Publication: Proteomic comparisons in maize basal endosperms

Published: June 26th, 2013

Category: All News, Announcements, Proteomics and Mass Spectrometry

Proteomics division Senior Chemist Cecilia Silva-Sanchez and division director Sixue Chen worked with University of Florida Professor Prem Chourey’s group on proteomic comparison of the basal endosperm in two types of maize, miniature1 mutant and its wild-type.

The team utilized the 4-plex iTRAQ-based quantitative proteomics workflow to identify a total of 2518 proteins, and 131 proteins were observed to be differentially expressed in the two genotypes. Maize (corn) is the number one field crop in the United States, and the major metabolic processes discovered play an important role in maize endosperm growth and development.

Silva-Sanchez, C., Chen, S., Zhu, N., Li, Q.B., Chourey, P.S. (2013) Proteomic comparison of basal endosperm in Maize miniature1 mutant and its wild-type Mn1. Frontiers in Plant Physiology (in press).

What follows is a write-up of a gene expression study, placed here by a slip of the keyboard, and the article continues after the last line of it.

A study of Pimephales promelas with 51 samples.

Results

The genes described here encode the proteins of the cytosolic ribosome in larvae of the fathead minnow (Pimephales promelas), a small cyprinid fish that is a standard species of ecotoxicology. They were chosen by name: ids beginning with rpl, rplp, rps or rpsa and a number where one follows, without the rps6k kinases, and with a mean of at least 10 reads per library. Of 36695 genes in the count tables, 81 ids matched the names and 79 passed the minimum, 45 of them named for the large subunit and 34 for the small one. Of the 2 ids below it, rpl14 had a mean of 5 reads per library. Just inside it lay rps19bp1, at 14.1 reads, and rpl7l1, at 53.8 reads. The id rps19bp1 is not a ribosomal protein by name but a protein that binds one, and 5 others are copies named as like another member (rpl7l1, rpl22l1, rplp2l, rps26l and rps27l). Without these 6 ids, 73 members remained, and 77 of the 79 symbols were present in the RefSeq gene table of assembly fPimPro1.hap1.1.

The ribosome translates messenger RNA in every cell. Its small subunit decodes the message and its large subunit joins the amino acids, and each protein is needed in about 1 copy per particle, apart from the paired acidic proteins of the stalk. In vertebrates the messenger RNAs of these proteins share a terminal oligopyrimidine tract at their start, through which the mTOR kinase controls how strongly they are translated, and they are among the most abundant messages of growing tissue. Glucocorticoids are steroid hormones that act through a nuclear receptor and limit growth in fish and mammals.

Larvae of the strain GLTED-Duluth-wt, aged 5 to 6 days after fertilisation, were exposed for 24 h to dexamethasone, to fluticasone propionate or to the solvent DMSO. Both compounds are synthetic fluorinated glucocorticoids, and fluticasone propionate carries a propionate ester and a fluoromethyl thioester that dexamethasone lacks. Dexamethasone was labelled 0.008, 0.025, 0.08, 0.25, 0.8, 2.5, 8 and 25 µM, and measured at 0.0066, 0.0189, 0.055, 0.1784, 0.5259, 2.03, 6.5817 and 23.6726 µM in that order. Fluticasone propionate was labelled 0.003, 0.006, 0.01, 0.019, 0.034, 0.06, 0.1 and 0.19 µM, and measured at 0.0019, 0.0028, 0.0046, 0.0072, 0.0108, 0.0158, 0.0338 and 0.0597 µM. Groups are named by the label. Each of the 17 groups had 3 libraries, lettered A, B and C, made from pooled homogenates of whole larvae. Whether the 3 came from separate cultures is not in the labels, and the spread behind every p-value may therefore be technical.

Description of how iTRAQ based quantitative proteomics workflow was applied to investigating proteins important in endosperm development.

 

Abstract

Developing endosperm in maize seed is a major site for biosynthesis and storage of starch and proteins, and of immense economic importance for its role in food, feed and biofuel production. The basal part of endosperm performs a major role in solute, water and nutrition acquisition from mother plant to sustain these functions. The miniature 1 (mn1) mutation is a loss-of-function mutation of the Mn1-encoded cell wall invertase that is entirely expressed in the basal endosperm and is essential for many of the metabolic and signaling functions associated with metabolically released hexose sugars in developing endosperm. Here we report a comparative proteomic study between Mn1 and mn1 basal endosperm to better understand basis of pleiotropic effects on many diverse traits in the mutant. Specifically, we used iTRAQ based quantitative proteomics combined with Gene Ontology (GO) and bioinformatics to understand functional basis of the proteomic information. A total of 2518 proteins were identified from soluble and cell wall associated protein (CWAP) fractions; of these 131 proteins were observed to be differentially expressed in the two genotypes. The main functional groups of proteins that were significantly different were those involved in the carbohydrate metabolic and catabolic process, and cell homeostasis. The study constitutes the first proteomic analysis of basal endosperm cell layers in relation to endosperm growth and development in maize.